Blindly Funding America's Armed Forces

Americans will continue to fund the world’s largest armed force without knowing how much it really costs.


The overhaul is part of a kabuki dance the Defense Department regularly performs with politicians around its scandalously opaque ledgers. The same military machine that can zap a suspected terrorist with the tug of a joystick and deploy a carrier battle group anywhere in the world within days has no idea how much stuff it has or what it’s worth. There are no hard appraisals of how old its weaponry is, how many third-party contractors it employs, or how many buildings it owns or rents. If the Pentagon were a private corporation, it would be the largest as well as the most poorly run, at least from an auditor’s perspective; shareholders would demand an extraordinary general meeting and its board of directors would be voted out for abrogating its fiduciary trust. [Read more about national security, terrorism and the military.]

The Pentagon was first obliged to submit an annual balance sheet in 1991 and it has received failing grades ever since. According to its own Inspector General, the military has from 1991 to 2009 lost track of an estimated $1 trillion in taxpayer funds. In 2002, its comptroller and chief financial officer found that eight of its nine financial statements were not reliable and issued a disclaimer of opinion on them. In 2008, all but two financial statements were so dodgy as to warrant the same. In October 2009, the Pentagon’s IG found serious inadequacies in its bookkeeping standards, including a financial management system that occludes “accurate, reliable and timely data.” In 2010, impelled by the worst economic crisis in eighty years, the Senate Finance Committee issued a report that slammed the Pentagon’s “total lack of fiscal accountability” for “leaving huge sums of the taxpayers’ money vulnerable to fraud and outright theft.”

In a recent status report to Congress, Pentagon Comptroller Robert Hale acknowledged that his agency’s books were riddled with holes but he assured lawmakers there was no cause for alarm. American tax dollars, he wrote, “are being managed responsibly."

I’m sure Mr. Hale believes that. I would too, if government bean-counters could accurately report how much money has been spent wooing warlords in Afghanistan or digging wells in Djibouti, to say nothing of cost-plus tenders to provide security for American bases abroad or the value of merchandise bound for their commissaries that ended up in black-market kiosks. Of course, when U.S. Army captains are reduced to paymasters in remote places, handing out saran-wrapped blocks of $100 bills for the purchasing of hearts and minds, a lot can slip between the cracks. [See photos of U.S. troops in Afghanistan.]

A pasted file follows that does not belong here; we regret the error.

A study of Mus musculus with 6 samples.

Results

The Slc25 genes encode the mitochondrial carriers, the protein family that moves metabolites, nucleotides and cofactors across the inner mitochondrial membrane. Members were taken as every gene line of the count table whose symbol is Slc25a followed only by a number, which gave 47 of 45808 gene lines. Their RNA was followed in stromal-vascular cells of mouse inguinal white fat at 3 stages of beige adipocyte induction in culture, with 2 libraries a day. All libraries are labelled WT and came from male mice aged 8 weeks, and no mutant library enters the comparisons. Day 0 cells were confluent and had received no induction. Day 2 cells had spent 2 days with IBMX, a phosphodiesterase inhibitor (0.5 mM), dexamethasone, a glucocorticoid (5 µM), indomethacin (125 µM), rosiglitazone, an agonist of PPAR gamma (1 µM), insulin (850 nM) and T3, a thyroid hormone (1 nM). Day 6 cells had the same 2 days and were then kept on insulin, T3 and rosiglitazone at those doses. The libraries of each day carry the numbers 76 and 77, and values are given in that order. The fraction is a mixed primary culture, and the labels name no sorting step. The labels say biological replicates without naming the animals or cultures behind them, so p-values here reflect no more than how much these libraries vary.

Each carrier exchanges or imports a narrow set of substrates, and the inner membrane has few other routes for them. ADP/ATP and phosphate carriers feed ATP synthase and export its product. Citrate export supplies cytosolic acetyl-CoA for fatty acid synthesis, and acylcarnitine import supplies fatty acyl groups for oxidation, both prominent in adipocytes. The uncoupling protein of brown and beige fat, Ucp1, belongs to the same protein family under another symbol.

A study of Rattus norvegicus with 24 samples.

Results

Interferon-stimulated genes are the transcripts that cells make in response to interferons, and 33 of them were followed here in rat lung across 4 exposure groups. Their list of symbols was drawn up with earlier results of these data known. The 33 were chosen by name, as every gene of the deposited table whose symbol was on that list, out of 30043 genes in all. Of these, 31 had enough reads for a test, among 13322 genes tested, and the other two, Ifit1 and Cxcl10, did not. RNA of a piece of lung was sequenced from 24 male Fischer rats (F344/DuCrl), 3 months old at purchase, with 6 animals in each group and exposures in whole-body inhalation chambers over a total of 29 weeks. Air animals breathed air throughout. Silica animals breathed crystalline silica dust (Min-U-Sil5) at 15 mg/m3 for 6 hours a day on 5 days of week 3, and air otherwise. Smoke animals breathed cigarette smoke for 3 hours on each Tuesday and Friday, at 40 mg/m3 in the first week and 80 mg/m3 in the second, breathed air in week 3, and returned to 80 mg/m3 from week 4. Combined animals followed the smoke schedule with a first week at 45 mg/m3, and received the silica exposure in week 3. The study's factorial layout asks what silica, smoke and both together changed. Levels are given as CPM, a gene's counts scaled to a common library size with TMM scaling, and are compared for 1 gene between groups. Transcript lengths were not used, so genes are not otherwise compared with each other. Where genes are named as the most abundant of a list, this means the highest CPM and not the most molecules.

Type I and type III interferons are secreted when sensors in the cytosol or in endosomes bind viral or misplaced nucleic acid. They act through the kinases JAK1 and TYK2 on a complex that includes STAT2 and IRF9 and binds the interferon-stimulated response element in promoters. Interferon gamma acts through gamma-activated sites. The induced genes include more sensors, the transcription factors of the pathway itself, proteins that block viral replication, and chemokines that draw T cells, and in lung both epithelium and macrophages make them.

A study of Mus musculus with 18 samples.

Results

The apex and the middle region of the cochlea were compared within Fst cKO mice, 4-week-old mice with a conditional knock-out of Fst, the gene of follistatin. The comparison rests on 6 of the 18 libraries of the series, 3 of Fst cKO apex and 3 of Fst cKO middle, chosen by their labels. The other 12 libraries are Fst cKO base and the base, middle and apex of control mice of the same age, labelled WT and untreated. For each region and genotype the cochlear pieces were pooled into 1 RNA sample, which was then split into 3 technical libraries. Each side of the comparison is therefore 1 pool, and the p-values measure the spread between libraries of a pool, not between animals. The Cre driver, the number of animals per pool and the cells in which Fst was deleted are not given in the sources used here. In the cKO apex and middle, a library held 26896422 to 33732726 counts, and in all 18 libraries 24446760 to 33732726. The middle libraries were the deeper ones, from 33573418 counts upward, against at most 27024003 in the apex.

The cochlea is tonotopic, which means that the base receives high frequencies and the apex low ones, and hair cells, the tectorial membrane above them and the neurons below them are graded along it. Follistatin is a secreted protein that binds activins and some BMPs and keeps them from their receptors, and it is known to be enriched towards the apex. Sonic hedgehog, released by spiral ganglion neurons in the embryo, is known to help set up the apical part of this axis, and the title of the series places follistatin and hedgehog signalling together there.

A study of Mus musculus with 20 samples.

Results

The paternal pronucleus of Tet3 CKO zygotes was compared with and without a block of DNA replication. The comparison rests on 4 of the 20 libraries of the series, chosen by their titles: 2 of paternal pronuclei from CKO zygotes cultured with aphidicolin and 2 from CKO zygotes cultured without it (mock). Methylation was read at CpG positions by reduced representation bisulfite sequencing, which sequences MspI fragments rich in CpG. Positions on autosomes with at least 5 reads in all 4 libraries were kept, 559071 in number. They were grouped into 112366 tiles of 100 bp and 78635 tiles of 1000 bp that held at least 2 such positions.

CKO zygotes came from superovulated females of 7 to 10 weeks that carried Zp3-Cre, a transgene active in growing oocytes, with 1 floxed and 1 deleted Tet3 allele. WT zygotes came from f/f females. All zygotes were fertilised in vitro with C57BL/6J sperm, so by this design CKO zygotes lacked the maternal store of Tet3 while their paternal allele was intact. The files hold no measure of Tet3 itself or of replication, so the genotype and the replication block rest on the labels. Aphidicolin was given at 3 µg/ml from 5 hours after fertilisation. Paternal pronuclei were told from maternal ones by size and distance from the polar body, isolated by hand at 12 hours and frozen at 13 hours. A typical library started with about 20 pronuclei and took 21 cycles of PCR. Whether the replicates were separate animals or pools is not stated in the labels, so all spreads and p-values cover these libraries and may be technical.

To be fair to the green-eyeshade brigade, it would be a lot easier to account for the military’s assets if it had a capital budget, a means by which planners can measure the value of future investments in plant, machinery, and research and development. Without such a resource, according to David Berteau, a senior adviser at the Center for Strategic and International Studies, budget planners cannot quantify inventories and depreciate replacement costs. And because federal funding is appropriated every year, there is little incentive to prioritize, which is something the Pentagon badly needs to do after a decade of steep budget increases.

“A balance sheet is worthless unless you know the value of your assets,” Berteau told me. “As it is, we’re all guessing what our requirements and needs are. At the core of this is a bigger question: what kind of budget do we need for the type of wars we’ll be fighting in the future?” [See cartoons about Afghanistan.]

Unfortunately, the imperatives of prudent budgeting conflicts with the political demands on lawmakers. Having to allocate for long-term replacement costs crowds out funds available for the production of new weaponry, a lucrative source of jobs for constituents back home. Viewed from Capitol Hill, there is little to gain from a budget process that imposes discipline as well as clarity, which means Americans will continue to fund the world’s largest, most lethal armed force without knowing how much it really costs or what they’re getting from their investment.